It’s hard to remember now, but Lars Von Trier had a radically different reputation back in 1996, when Breaking The Waves premiered at the Cannes Film Festival. His previous features, from The Element Of Crime (1984) to Europa (1991, released in the U.S. as Zentropa), had been audacious exercises in pure style, offering viewers little in the way of an emotional foothold. Breaking The Waves, made shortly after Von Trier collaborated on a TV miniseries called The Kingdom (1994), was an act of deliberate reinvention—his experiment to see what would happen if he deprived himself of every cinematic tool he’d relied on throughout his career. This somewhat monastic approach became known as the Dogme 95 movement, but Breaking The Waves isn’t technically a Dogme film (his follow-up, The Idiots, would be); it breaks many of the rules, particularly in its use of breathtakingly artificial chapter stops. All the same, it’s very much in the Dogme 95 spirit, and introduced the world to a Lars Von Trier who was capable of subordinating everything to heart-wrenching truth.
It was also the first Von Trier film built around a single magnificent performance. When Helena Bonham Carter backed out of the project at the last minute (reportedly due to concern about its sexual content, which seems quaint given what Charlotte Gainsbourg has since gotten up to in Antichrist and Nymphomaniac), he plucked an actress named Emily Watson from obscurity and handed her the opportunity of a lifetime, which she repaid with a sincerity that’s often physically painful to watch. Her character, Bess, who lives in a strict religious community somewhere on the coast of Scotland (the film appears to be set in the 1970s), has just married Jan (Stellan Skarsgård), an oil-rig worker whose job requires him to be away at sea for weeks at a time. When Bess begs God to send him home to her, Jan immediately, in monkey’s-paw tradition, has an accident that leaves him all but quadriplegic, unable to ever make love to Bess again. In his despair, he asks her to sleep with other men and tell him about it, and Bess increasingly views wantonness as the path to a miracle cure.
Laid out like that, Breaking The Waves’ plot sounds fairly distasteful, and there were accusations of misogyny at the time of the film’s release (which have intensified in some quarters as subsequent Von Trier heroines—Dancer In The Dark’s Selma, Dogville’s Grace—have endured similar abuse). As Watson plays her, though, Bess justifies a doctor’s sheepish diagnosis that she suffers primarily from being too good. Discovering her sexuality early in the film, she regards Jan’s body and her own with the giddy shyness of a curious child; when confronted with the hole Jan’s absence will leave in her life, she emits a shriek that makes a mockery of polite society’s conventions regarding acceptable expressions of love. Throughout the film, Bess talks to God, who answers her with stern admonishments (delivered by Bess in a deep, authoritarian voice); Von Trier maintains careful ambiguity about whether these conversations are genuine or merely a sign of Bess’ mental instability, though the controversial final shot implies, at the very least, that Someone was listening.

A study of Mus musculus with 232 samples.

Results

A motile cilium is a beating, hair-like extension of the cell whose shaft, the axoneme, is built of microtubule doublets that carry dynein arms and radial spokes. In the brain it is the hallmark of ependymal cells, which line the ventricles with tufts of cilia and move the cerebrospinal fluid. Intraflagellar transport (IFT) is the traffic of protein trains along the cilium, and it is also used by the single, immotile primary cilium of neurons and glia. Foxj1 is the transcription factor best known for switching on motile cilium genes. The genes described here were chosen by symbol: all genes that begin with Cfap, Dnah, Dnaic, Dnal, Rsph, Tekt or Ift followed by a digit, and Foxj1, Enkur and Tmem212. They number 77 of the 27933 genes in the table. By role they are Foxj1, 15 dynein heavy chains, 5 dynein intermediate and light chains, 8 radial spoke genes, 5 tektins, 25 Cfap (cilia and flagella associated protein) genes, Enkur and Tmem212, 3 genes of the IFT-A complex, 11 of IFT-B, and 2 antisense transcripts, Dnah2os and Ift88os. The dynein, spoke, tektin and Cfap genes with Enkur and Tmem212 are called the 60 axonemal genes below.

Terrific though it is, Breaking The Waves is, in one respect, an unusual choice for the Criterion Collection, which has released it in its now-standard DVD/Blu-ray combo package. Though shot on celluloid, this is one cruddy-looking movie; Von Trier and cinematographer Robby Müller prioritize the performances at all costs, and much of the film is so dimly or harshly lit that it resembles that era’s low-grade digital imagery, with grain prominent enough to render even foreground objects indistinct. (On the other hand, this makes the painterly chapter stops, each accompanied by a classic ’70s rock tune, all the more striking by comparison. Purists will be happy to hear, incidentally, that David Bowie’s “Life On Mars?” has been restored to the Epilogue portrait, after having been replaced by Elton John’s “Your Song” for previous video releases due to rights issues.) Having successfully purged himself of his obsession with visual beauty for its own sake, Von Trier would slowly reintroduce artificial elements into his work over the next two decades, while retaining this film’s emotional directness. That amalgam made him who he is today… but Breaking The Waves showcases him at his most pure and vulnerable, and it remains a bracing experience.